RAF  F-15E 

Sometimes it takes a good long while for the obvious to make its way to the front of my brain where I can recognize it. Take, for instance, the brand name Frigidaire. We had a refrigerator of that make when I was a kid. We always called it "the fridge". It wasn't until many years later that I realized the name came from combining the two words "frigid" and "air", and then tacking an e on the end to make it French or something, Frigid Air. What a concept.
    Looking at airplane specifications, mostly just to see how different warbirds compare in terms of size and weight, I noticed that the wing loading seemed awfully high, like 50 pounds per square foot (metric). Put 50 pounds in a box and drop it and it will fall through the air like a lead balloon.
    Pictures of airplanes flying always look like the wings are totally level, so it must be that Bernoulli principle, the difference in air pressure between the high velocity air on the upper side, and the slower air on the lower side, right? Except for the B-52. B-52's always look like they are headed downhill.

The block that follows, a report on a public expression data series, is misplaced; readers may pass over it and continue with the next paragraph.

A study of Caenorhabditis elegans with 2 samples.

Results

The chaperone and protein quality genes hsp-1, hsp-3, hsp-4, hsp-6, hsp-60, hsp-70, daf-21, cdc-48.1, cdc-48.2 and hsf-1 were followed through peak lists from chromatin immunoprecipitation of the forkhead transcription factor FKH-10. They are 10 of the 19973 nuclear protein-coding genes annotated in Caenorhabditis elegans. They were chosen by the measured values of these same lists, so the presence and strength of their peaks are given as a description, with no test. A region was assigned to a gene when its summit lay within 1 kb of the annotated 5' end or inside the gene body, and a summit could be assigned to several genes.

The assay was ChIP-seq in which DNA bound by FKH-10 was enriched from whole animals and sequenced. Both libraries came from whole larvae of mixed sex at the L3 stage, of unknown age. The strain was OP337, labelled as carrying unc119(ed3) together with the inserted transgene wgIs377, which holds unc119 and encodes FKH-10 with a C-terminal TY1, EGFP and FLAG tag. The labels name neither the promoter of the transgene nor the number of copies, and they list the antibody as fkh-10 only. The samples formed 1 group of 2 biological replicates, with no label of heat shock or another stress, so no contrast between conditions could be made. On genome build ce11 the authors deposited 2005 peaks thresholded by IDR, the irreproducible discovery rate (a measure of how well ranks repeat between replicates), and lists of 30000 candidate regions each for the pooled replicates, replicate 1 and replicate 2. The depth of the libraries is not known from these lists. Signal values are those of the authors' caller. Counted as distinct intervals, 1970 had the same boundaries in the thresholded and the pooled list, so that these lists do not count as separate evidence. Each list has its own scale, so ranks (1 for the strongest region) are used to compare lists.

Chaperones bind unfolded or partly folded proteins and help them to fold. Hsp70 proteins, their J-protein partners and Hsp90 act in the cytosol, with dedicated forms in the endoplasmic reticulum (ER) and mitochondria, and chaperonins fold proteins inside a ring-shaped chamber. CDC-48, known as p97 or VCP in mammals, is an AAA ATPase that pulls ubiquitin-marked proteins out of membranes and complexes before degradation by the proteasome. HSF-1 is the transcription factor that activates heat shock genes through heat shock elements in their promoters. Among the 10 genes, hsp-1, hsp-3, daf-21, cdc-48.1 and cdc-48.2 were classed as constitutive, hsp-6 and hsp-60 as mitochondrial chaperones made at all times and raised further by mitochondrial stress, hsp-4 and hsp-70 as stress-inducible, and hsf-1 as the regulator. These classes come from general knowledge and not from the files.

And what's the deal with "rotation" at lift off? Airplanes charge down the runway with their wings all nice and level until they get to their flying speed and then the pilot hauls back on the stick, the plane takes on a nose up attitude and it leaps into the air. Magic!
    The key word here is "plane". Much like power boats get up on a "plane" on the water, that's what airplanes are doing, they are "planing" on air.  At high speeds it doesn't take much of an angle of produce all the air pressure you need to support your multi-ton aircraft. At lower speeds it takes more of an angle. The appearance of the airplane flying right along the same line as its wings at liftoff is an illusion. It is still going 99% of it's horizontal velocity, it's just going up because the wings are pushing air down. It's travel vector is still much more in line with the ground than with with the angle of the wings.
    The Bernoulli effect? All that does is add a bit of efficiency.